Increase Funding for Borderline Personality Disorder Research at NIMH
Up to 5.9% of the population suffers from BPD — more than twice that of schizophrenia and bipolar disorder combined. "Borderline Personality Disorder" is the most viewed term on NIMH’s website and yet it receives less government funding than any other mental illness.
An estimated 10% of individuals with BPD will die from suicide, 60% will suffer from major depression, and 60% will have a substance abuse disorder. But while suicide, depression, substance abuse and eating disorders receive an enormous amount of NIMH dollars, BPD, which often encompasses all four, is not even a target population for research.
- This is not acceptable to family members in the trenches, desperate to help our loved ones.
- This is not acceptable to individuals with BPD, who want to thrive and function in society.
- This is not acceptable to clinicians, who want to provide better treatment options and services.
This is not acceptable to taxpayers, who have had to endure the huge financial burden of paying for those with BPD, a large majority of whom are unemployed, cannot afford the medical costs of treatment, and often wind up incarcerated, homeless, or addicted.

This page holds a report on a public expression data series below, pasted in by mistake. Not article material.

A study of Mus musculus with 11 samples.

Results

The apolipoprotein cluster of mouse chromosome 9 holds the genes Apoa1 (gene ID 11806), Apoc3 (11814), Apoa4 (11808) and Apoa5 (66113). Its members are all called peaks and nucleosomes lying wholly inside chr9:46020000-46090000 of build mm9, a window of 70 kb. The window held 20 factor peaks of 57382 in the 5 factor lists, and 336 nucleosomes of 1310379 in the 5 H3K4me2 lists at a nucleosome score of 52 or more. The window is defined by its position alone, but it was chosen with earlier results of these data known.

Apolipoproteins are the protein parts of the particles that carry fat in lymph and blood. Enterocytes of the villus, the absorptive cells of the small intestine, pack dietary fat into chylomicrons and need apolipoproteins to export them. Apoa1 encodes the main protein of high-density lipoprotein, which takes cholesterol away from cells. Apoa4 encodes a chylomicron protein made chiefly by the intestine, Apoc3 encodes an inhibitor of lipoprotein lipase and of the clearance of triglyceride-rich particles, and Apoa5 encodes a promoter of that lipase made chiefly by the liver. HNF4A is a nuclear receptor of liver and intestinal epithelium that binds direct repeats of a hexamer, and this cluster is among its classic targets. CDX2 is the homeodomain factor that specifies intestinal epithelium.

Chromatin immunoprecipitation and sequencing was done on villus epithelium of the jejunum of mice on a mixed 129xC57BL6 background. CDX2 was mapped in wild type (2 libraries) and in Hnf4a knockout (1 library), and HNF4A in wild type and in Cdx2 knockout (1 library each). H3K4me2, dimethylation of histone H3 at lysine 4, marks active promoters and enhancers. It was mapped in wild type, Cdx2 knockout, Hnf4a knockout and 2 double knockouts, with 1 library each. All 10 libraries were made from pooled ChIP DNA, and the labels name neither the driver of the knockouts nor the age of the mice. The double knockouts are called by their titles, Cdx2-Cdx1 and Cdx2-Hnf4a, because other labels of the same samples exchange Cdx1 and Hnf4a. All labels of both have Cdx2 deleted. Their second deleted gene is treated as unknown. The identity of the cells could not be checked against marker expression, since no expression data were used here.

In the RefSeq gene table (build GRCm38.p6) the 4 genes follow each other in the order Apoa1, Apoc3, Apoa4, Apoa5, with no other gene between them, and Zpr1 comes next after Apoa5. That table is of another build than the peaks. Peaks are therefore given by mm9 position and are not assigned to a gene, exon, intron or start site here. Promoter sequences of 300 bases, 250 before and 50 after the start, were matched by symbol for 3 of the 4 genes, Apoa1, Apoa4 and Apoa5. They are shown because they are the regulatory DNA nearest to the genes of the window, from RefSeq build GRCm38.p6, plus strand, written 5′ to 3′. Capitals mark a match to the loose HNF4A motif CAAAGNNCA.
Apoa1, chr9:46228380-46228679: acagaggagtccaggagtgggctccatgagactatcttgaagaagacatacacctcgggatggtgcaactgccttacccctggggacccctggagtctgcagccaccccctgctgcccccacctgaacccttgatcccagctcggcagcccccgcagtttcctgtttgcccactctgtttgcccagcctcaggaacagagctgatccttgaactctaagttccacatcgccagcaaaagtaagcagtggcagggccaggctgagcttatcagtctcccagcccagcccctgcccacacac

At least 18 million Americans suffer from BPD in their lifetimes. Assuming each affects a minimum of five other people, the lives of 90,000,000 Americans are negatively impacted. Shouldn’t this be considered one of our country’s largest public health emergencies? Why are our representatives in government not paying attention to BPD?
It’s time to make borderline personality disorder a priority and move it from the back to the front of the line in mental health research. The recent breakthrough research into genetic biomarkers for schizophrenia shows what can be done when adequate funding is available for specific mental illnesses. We implore you to commit funding for research on borderline personality disorder proportionate to its impact on society, and give it the recognition it deserves in the field.